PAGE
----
World Tuberculosis Day: TB Drugs Round-Up
LONDON, UK (GlobalData), 22 March 2013 - As World Tuberculosis Day approaches, GlobalData takes a look at the latest medical innovations in the fight against this deadly disease, which infects nearly nine million people annually.
Tuberculosis (TB) infection is a hot disease market for vaccine manufacturers, as the BCG vaccine, which has been the sole preventative TB treatment to date, does not produce a high enough level of seroconversion in all patients. This limits the intended effects of a vaccine, and increases the cases of pulmonary TB infection as a result of a poor immune response. The BCG vaccine also shows decreased immune responses several years post-vaccination, limiting the long-term effects of immunization.
Unfortunately, a recent highly anticipated trial of a TB vaccine yielded disappointing results. A recent study published in The Lancet on February 4th, 2013, showed that new vaccine, modified vaccinia Ankara virus-expressing antigen 85A (MVA85A), in HIV-negative infants who had received a Bacille Calmette-Guerin (BCG) vaccination, showed no statistically significant increase in protection against tuberculosis and Mycobacterium tuberculosis infection.
With the stagnated development of TB prophylactics, GlobalData's senior infectious disease analyst Dr. Ramya Kartikeyan expects that therapeutic regimes for TB sufferers will remain the only viable therapy option for the foreseeable future. Treatment regimens requiring shorter timespans and less frequent doses of medication would make an incredible difference to treatment adherence however, and recent trials have shown exciting progress in these respects.
A novel anti-TB drug cocktail of PA-824, moxifloxacin and pyrazinamide generated encouraging results in a recent Phase II trial in 2012, funded by the non-profit TB Alliance, demonstrating the ability to eliminate 99% of the Mycobacterium tuberculosis found in patients' sputum following only two weeks of treatment. This treatment could potentially offer a radical alternative to the six-month TB treatment regimens currently on the market, if the therapy progresses though this early clinical development, says Dr. Brad Tebbets, infectious disease analyst at GlobalData.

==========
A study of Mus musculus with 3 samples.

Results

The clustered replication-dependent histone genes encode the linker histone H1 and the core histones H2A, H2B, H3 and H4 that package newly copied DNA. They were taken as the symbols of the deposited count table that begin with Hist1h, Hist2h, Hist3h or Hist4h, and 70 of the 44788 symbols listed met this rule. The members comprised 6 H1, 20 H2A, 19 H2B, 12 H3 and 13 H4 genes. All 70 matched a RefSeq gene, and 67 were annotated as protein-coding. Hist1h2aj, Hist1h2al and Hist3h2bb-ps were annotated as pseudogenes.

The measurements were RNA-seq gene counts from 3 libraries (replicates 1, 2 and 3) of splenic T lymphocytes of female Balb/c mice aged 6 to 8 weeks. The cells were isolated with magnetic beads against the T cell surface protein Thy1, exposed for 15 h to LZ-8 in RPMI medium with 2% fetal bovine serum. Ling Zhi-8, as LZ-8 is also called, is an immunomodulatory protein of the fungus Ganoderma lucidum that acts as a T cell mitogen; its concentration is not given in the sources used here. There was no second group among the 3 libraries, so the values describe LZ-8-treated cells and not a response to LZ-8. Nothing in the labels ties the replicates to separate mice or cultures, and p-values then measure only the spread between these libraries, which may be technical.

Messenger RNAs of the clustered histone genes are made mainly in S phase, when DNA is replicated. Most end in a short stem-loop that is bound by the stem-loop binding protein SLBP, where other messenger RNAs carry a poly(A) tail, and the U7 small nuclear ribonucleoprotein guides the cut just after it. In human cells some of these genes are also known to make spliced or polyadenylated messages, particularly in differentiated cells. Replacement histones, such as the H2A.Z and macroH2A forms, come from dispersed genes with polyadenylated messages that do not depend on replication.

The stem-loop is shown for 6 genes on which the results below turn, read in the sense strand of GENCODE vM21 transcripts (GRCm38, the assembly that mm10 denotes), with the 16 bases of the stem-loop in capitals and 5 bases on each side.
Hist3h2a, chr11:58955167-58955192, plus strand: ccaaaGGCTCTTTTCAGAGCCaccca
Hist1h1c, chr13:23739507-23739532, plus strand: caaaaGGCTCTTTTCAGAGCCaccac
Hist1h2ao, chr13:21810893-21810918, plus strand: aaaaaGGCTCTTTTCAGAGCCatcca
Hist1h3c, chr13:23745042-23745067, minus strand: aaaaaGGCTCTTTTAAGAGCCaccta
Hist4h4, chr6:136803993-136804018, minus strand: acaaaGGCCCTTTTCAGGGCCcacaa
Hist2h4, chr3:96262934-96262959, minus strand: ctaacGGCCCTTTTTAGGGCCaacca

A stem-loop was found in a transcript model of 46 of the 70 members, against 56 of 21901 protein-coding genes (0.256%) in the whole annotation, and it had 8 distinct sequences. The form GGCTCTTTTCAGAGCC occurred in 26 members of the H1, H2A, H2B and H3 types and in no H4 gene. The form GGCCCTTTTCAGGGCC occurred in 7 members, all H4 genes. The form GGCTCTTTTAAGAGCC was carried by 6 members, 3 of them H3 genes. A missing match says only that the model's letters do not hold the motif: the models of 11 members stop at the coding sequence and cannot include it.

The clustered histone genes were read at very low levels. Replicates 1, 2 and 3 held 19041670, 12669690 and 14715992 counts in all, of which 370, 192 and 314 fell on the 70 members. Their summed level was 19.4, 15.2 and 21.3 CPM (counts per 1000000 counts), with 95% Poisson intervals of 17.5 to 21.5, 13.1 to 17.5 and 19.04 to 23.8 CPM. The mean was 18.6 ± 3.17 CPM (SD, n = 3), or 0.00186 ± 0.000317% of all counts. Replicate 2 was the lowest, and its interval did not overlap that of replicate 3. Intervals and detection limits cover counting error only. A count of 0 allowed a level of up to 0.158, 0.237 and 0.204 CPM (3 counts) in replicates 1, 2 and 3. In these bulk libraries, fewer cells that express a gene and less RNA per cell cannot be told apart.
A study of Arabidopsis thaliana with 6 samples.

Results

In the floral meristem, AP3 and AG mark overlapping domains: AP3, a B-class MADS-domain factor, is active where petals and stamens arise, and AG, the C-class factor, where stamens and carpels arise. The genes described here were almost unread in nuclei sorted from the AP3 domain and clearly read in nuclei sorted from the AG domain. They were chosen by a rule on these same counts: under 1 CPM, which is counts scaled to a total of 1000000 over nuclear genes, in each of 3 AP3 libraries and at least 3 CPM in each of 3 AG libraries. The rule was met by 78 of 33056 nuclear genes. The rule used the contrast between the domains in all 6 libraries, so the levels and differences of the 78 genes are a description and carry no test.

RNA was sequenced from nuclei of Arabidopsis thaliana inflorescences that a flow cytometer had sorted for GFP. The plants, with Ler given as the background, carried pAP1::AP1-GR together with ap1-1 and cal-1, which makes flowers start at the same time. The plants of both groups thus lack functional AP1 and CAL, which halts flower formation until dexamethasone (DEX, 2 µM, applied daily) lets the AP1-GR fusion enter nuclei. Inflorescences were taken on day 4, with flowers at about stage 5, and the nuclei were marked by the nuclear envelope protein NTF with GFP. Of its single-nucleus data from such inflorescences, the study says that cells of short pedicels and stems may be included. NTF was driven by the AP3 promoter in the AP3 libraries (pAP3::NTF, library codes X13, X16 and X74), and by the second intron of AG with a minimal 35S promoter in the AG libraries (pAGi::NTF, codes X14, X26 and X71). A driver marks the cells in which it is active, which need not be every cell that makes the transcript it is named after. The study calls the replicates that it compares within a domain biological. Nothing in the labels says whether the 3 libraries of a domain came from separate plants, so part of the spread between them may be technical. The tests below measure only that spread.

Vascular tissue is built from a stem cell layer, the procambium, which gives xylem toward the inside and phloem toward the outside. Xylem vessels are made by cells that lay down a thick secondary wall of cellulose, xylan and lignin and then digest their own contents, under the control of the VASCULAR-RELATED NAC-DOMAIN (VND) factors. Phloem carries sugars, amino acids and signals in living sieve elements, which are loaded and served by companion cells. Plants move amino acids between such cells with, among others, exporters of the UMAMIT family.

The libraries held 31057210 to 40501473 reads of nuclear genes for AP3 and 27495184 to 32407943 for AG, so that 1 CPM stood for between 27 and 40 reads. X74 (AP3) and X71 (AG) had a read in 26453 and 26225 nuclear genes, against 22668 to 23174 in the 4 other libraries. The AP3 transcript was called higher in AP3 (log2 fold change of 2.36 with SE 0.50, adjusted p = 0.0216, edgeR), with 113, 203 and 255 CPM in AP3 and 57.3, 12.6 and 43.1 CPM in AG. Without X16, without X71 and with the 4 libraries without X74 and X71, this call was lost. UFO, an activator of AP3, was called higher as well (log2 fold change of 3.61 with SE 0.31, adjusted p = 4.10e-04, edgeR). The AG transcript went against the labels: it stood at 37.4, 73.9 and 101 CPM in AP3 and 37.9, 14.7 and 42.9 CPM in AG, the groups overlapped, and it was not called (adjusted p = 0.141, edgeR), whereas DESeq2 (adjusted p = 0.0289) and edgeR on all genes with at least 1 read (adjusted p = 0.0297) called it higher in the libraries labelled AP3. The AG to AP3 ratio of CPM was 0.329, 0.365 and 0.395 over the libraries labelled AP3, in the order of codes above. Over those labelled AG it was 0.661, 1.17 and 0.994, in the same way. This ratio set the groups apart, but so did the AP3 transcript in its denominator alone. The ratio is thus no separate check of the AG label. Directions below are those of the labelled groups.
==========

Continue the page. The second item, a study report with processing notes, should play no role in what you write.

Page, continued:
Preliminary results of a randomized, multicenter clinical trial, presented at CROI 2013, also demonstrated the successful replacement of daily doses of isoniazid and rifampin with higher weekly doses of Priftin (rifapentine) and Avelox (moxifloxacin) during the unsupervised continuation phase of treatment. As reported by Dr. Charalampos Valmas, infectious disease analyst at GlobalData, the results proved that this weekly schedule is non-inferior to the standard once-a-day treatment, with the greater dose of antimicrobials mitigating the high relapse rates that plagued previous endeavors to optimize the treatment schedule.
Finally, progress has also been seen in the fight against increasingly common drug-resistant TB cases, as December 2012 saw the FDA approve Johnson & Johnson's Sirturo (bedaquiline), the first new TB drug in decades, specifically for the treatment of multidrug resistant tuberculosis (MDR-TB), to be used in combination with other drugs used to treat TB. Kartikeyan says: "The approval of Sirturo is the first example of a successful accelerated approval since the instatement of the GAIN Act in the US. However, one begins to question whether the approval of Sirturo is likely to shift the balance in favor of therapies, instead of focusing on prophylactics in the case of rapidly mutating resistant bacterial strains. Furthermore, the recent sequestration cuts in the US and the financial austerity measures within the EU will put further strains on the regulatory authorities". Dr. Kartikeyan also opined that given the recent failure of a TB vaccine she was confident that the GAIN Act will serve as a band aid solution until vaccines are available.
"Developing countries will also benefit from point of care diagnostic assays and tests, which can help to direct effective treatment to patients at an earlier stage and thereby, limit the emergence of resistance".
Even once efficacious products are developed, pharmaceutical production can falter. Earlier this month, Sanofi's ($SNY) tuberculosis drug Rifamate, which combines the antibiotic rifampin with isoniazid, was put on the FDA shortage list due to manufacturing delays. The reason for this is not publically known, but the FDA states that Rifamate isn't expected to be available for patients until July. The Centers for Disease Control and Prevention says isoniazid and rifampin are the two most important treatments for TB, and so this pharmaceutical drought will be badly felt by TB sufferers. Sanofi were involved in another TB-related shortage last summer, when the company's vaccines unit pulled four batches of the TB vaccine BCG due to plant sterility problems.